19-year jail term appealed

An Ottawa County sheriff's deputy escorts Brian J. Woody, left, out of court after he was sentenced earlier this month. An Ottawa County sheriff's deputy escorts Brian J. Woody, left, out of court after he was sentenced earlier this month.

PORT CLINTON - The driver who caused a chain-reaction crash that killed six people last year on State Rt. 2 has appealed his 19-year prison sentence to Ohio's 6th District Court of Appeals.

Brian J. Woody, 29, of East Toledo filed an appeal Friday of the consecutive prison terms he received March 4 in Ottawa County Common Pleas Court from Judge Paul Moon.

The judge ordered Woody to serve consecutive three-year terms for each of six counts of aggravated vehicular homicide and a one-year consecutive term for a single count of aggravated vehicular assault.

At the time, Judge Moon said Woody deserved more than the minimum sentence because of the loss of life, his "reckless" behavior in drinking and taking drugs the day of the June 21 crash, and a previous driving record that was riddled with violations.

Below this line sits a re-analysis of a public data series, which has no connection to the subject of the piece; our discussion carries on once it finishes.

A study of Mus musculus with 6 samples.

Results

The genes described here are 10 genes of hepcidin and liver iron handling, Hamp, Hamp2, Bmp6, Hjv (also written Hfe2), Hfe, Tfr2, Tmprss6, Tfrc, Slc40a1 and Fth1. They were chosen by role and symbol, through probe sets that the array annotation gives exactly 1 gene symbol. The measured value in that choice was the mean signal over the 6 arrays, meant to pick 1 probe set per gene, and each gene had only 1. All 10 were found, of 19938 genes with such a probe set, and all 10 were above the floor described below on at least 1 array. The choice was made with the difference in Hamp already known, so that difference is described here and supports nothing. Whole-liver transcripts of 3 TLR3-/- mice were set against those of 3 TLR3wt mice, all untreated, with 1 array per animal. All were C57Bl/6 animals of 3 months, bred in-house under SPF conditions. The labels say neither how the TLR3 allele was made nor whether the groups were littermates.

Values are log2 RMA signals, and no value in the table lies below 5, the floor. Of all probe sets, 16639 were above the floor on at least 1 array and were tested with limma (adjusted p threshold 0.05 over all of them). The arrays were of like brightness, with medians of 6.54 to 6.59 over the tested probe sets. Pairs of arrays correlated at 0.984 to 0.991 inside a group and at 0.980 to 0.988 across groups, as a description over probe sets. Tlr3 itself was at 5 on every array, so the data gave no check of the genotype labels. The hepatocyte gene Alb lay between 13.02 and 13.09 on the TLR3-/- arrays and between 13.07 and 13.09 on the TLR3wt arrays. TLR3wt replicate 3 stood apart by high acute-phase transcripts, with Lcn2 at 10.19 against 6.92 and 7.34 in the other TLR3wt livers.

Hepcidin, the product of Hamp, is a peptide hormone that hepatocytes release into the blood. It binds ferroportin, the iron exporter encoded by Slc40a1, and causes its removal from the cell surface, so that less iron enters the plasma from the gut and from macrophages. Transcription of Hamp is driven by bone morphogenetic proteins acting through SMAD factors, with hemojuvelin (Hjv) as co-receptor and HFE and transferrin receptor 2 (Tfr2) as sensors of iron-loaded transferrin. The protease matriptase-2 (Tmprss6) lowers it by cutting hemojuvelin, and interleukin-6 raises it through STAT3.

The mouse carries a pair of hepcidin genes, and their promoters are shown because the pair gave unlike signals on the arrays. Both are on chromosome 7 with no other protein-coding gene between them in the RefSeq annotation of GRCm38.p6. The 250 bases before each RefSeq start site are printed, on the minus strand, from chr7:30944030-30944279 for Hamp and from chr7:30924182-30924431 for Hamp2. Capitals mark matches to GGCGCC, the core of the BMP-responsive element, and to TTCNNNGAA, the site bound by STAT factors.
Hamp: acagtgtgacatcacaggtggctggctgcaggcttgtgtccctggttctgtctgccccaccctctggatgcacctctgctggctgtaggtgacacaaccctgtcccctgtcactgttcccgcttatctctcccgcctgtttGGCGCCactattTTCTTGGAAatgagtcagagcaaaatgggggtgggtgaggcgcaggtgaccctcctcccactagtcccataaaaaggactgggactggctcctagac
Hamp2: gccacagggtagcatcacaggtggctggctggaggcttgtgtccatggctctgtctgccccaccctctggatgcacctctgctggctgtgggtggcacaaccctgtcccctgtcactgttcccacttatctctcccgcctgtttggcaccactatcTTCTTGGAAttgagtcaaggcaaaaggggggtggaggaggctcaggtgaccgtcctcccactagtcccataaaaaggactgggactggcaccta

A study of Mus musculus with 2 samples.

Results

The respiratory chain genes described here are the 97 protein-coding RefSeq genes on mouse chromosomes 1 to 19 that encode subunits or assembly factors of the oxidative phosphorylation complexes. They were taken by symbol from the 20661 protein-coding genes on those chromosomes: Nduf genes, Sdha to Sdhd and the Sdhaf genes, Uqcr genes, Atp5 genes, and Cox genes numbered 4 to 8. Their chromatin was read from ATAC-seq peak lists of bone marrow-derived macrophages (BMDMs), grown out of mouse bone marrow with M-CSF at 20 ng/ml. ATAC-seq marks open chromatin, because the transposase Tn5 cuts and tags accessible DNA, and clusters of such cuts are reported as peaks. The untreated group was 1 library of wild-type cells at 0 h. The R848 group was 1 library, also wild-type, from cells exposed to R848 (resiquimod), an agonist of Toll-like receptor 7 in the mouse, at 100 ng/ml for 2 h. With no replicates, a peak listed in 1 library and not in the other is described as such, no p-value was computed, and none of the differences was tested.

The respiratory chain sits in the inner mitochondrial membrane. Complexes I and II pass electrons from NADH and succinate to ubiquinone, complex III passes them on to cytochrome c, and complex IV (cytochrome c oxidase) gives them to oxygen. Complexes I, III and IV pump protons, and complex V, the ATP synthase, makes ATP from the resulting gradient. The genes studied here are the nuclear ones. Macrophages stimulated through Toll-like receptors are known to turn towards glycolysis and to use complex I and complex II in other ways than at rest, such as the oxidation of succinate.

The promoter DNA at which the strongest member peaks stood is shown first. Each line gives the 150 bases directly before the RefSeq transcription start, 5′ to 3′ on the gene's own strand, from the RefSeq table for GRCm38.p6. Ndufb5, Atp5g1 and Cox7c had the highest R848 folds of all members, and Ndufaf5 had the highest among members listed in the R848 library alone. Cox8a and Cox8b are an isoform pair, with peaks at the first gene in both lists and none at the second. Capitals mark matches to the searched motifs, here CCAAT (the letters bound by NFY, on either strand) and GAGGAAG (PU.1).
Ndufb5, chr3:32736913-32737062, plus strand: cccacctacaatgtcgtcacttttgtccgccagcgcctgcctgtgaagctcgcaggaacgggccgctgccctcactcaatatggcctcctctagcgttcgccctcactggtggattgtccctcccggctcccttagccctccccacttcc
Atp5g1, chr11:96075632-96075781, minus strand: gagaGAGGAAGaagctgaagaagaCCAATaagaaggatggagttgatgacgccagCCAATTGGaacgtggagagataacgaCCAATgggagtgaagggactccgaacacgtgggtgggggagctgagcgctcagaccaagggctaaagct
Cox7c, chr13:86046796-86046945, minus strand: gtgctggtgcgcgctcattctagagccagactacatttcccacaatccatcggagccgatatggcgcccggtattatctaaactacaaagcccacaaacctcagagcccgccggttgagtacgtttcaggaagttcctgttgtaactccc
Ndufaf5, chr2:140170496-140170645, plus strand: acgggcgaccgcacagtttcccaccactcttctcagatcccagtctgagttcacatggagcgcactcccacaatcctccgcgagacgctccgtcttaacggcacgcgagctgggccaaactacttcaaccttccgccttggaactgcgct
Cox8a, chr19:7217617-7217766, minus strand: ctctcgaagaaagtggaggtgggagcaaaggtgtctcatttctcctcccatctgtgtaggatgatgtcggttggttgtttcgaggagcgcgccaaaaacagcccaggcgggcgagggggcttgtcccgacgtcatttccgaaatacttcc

The crash killed Darryl K. Scott, 44, of Detroit; his girlfriend, Shannon Scott, 24, of Romulus, Mich., and his niece, Ariel Scott, 12, of Detroit. Sisters Alexis Howard, 9, and Alecia Howard, 7, of Eastpointe, Mich., both daughters of Mr. Scott, and Shannon Scott's niece, Amber Channey, 6, of Ypsilanti, Mich., also were killed.

Mr. Scott's daughter, Brandi Scott, 13, of Sterling Heights, Mich., survived the crash, but she suffered serious head and spinal injuries.

The victims were bound for Detroit in a sport utility vehicle after a day at the Cedar Point amusement park when the accident occurred shortly before midnight.

The Ohio Highway Patrol said Woody's westbound Chevrolet Blazer swerved left of center and hit the tractor-trailer's left front corner.

Witnesses said the impact caused the semi to spin and clip a Toyota Corolla in the left rear before smashing head-on into the Cadillac Escalade carrying the victims.

During the sentencing hearing, Woody's defense attorney, Adrian Cimerman of Toledo, cited decisions by the U.S. Supreme Court and a recent ruling by Ohio's 1st District Court of Appeals as requiring the defendant, as someone who had never served time in prison, to receive concurrent, one-year sentences for the aggravated vehicular homicide convictions.

Spiros Cocoves, a Toledo attorney who is representing Woody in his appeal, could not be reached for comment yesterday.